When Tribalism First Entered American Politics


THE RED AND THE BLUE
The 1990s and the Birth of Political Tribalism
By Steve Kornacki
Illustrated. 497 pp. Ecco/HarperCollins Publishers. $29.99.

It can be a strange experience these days to read a book about modern American politics and divisions that is not about Donald Trump. Steve Kornacki’s “The Red and the Blue: The 1990s and the Birth of Political Tribalism” renders such an experience lively and fulfilling, if not uplifting, by making a mostly convincing case that the brutal 1990s political battles led by Bill Clinton and Newt Gingrich had brought the country to its stark divide between “red America” and “blue America” by election night, 2000.

Organized around searing episodes that defined the decade, the book alternately follows Clinton and Gingrich, starting even before 1990. It traces their early political rises, dwelling on the Democrats’ post-Walter Mondale fissures through which Clinton emerged and describing Gingrich’s initial attacks on the House of Representatives’ polite procedures. “I think you’re going to see a much tougher and a much more militant Republican Party,” Gingrich said after one 1985 fight, once his colleagues embraced his confrontational strategy. “I think it changes permanently the nature of the Republican Party of the House.” Kornacki, an NBC News and MSNBC national political correspondent, appears to agree.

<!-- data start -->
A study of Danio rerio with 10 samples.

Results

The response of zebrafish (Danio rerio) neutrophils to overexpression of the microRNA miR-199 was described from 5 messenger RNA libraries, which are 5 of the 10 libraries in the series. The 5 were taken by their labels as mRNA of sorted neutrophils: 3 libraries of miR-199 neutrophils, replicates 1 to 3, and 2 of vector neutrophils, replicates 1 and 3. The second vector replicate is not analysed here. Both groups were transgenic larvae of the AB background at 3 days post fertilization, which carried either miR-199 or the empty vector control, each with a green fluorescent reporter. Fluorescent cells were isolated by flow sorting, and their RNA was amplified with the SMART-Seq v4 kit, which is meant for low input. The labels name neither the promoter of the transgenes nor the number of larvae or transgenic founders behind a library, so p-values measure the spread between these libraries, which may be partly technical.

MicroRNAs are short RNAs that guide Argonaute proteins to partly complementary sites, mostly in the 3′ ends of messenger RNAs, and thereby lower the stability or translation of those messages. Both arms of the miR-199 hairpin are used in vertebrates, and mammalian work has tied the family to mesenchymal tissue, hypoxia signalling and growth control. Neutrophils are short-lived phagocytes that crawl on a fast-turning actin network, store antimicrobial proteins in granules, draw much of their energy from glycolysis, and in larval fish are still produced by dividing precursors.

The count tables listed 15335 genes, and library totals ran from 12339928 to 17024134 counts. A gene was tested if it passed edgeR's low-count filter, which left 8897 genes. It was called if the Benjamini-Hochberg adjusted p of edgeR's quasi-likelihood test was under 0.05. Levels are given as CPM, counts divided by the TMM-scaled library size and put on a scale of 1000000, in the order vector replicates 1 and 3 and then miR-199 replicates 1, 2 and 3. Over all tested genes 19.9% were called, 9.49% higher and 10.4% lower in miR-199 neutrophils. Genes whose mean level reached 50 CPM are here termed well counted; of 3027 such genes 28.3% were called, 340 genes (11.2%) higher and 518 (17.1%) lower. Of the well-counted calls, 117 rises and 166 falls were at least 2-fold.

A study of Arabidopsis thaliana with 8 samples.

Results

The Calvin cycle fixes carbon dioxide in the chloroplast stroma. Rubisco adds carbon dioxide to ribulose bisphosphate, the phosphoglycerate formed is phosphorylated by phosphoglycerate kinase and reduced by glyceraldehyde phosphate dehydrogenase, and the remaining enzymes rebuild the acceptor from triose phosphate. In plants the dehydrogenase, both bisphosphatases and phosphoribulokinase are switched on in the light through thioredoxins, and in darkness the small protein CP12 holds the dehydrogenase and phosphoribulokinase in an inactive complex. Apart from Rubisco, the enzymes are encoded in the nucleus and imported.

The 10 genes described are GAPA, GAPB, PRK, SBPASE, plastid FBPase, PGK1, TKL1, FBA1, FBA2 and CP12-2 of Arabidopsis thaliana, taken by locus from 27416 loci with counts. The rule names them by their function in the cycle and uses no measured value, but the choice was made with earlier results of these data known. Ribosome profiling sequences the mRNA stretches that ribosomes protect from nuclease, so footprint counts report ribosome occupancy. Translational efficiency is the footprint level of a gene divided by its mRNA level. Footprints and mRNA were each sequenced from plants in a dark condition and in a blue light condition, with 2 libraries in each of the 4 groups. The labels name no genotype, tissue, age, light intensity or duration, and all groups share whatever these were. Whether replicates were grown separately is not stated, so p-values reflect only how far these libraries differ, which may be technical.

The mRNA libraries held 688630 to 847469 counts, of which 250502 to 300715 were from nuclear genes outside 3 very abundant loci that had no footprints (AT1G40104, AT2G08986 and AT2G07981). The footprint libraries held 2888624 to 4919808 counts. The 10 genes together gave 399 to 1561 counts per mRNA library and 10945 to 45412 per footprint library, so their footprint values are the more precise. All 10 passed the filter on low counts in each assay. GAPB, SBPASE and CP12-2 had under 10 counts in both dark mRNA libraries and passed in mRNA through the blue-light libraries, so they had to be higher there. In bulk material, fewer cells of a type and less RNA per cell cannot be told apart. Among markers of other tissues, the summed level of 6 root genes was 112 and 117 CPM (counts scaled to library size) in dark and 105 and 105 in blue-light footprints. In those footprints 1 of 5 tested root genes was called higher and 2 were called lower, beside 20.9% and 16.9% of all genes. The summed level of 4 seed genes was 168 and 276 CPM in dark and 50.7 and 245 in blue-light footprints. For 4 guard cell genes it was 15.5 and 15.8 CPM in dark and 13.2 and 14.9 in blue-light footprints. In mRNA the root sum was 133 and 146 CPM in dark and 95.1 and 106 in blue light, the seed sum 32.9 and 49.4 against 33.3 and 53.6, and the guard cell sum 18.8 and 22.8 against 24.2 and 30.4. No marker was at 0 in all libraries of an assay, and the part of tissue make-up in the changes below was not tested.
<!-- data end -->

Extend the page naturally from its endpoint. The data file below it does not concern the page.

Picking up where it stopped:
The early Clinton era is presented as a parade of confrontations — over welfare, balanced budgets, health care — that, for a time, emboldened Gingrich’s showdown wing of Republicanism, but also vaulted Clinton to a re-election that created an early version of today’s blue America. Then came the probes and impeachment. By the time George W. Bush was elected in 2000, Kornacki writes, the country’s split was set — “these divisions were geographic, demographic and cultural.”

For all his tightly researched tales of Washington drama, however, Kornacki seldom allows external events into the narrative, even where they might provide context (the Oklahoma City bombing in 1995 is one exception). The chapters also have little room for important foreign developments, for instance in Bosnia or Iraq. These omissions are mostly understandable: The book is already a long survey of the decade’s domestic politics alone. But their role in shaping the 1990s is undeniable. Whereas Kornacki paints a clear picture of a bisected political landscape, Trump’s sudden appearance — flirting with a Reform Party presidential run in 2000 — is somewhat jarring. His inclusion may be unavoidable, but after hundreds of pages of bare-knuckle politics having nothing to do with him, his appearance comes across as vaguely beside the point.

Yet the cameo ultimately makes it impossible to reach the book’s winking end without thinking of today. Kornacki’s neatly crafted arc from the 1980s to 2000 concludes with a deft look at the blowback to Clinton’s impeachment. The treatment could be longer, but it does give the answer to Kornacki’s question: How did we get to where we were in 2000? In 2018, “The Red and the Blue” implicitly leaves us with another one: When, exactly, was the pre-Trump political calm for which so many now yearn?